1. Putin's order is an acknowledgment that Russia is failing to accomplish its objectives in Ukraine.
3. Efforts to replenish Russia's troop shortage short of mobilization have failed. A call for a partial mobilization is thus Putin's attempt to reconcile the gap between his unchanged intent - which is to control all of Ukraine - and Russia's rapidly degrading capability to do so.
4. The mobilization is unlikely to close the gap between Putin's intent and capability in the short-term - if at all. Russia will likely face several challenges with recruiting and integrating its force, both qualitative and quantitative. Many Russians support the war rhetorically but are not willing to fight in it. #Russia will also face limitations in throughput and deployment of these forces - both efforts require officer cadre - an increasingly diminishing resource and bottleneck in the Russian military. Equipping these forces will be another challenge, and the shortcomings of #Russia's defense industrial base will only compound this problem. It is essential for that reason that the West keeps and expands its export controls on electronics.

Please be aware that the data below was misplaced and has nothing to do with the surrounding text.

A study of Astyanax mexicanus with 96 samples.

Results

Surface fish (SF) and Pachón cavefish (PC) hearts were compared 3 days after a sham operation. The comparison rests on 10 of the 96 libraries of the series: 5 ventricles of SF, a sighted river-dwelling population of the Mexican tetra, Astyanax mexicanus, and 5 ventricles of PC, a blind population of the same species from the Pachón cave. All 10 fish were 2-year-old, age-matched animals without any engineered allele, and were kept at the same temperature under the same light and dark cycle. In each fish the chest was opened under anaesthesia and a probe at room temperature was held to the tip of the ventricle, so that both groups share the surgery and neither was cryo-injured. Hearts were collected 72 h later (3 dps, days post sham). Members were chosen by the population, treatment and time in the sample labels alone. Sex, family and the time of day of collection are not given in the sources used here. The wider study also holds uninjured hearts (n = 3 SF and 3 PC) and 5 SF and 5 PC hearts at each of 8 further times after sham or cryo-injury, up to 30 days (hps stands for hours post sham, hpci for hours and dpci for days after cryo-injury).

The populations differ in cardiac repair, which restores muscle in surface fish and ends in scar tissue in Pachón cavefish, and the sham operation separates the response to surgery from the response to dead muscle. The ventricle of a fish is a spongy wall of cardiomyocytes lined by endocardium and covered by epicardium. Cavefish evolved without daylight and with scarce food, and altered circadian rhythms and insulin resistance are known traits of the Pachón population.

5. We should watch how Russia will integrate this force, how it will train it, and the resulting effect it will produce on the battlefield, which we are unlikely to see until 2023.
6. Putin's value proposition to his base for many years has been a promise of a "great Russia." This value proposition is being challenged now, in part because of Russian setbacks in ##Ukraine. He is not imminently vulnerable, but he's more vulnerable than he has been in years.#Putin is trying to reconcile irreconcilable realities - keeping up this promise of the "great Russia," his eroding capability to deliver on it, as well as the unwillingness of the Russian people to fight in this war.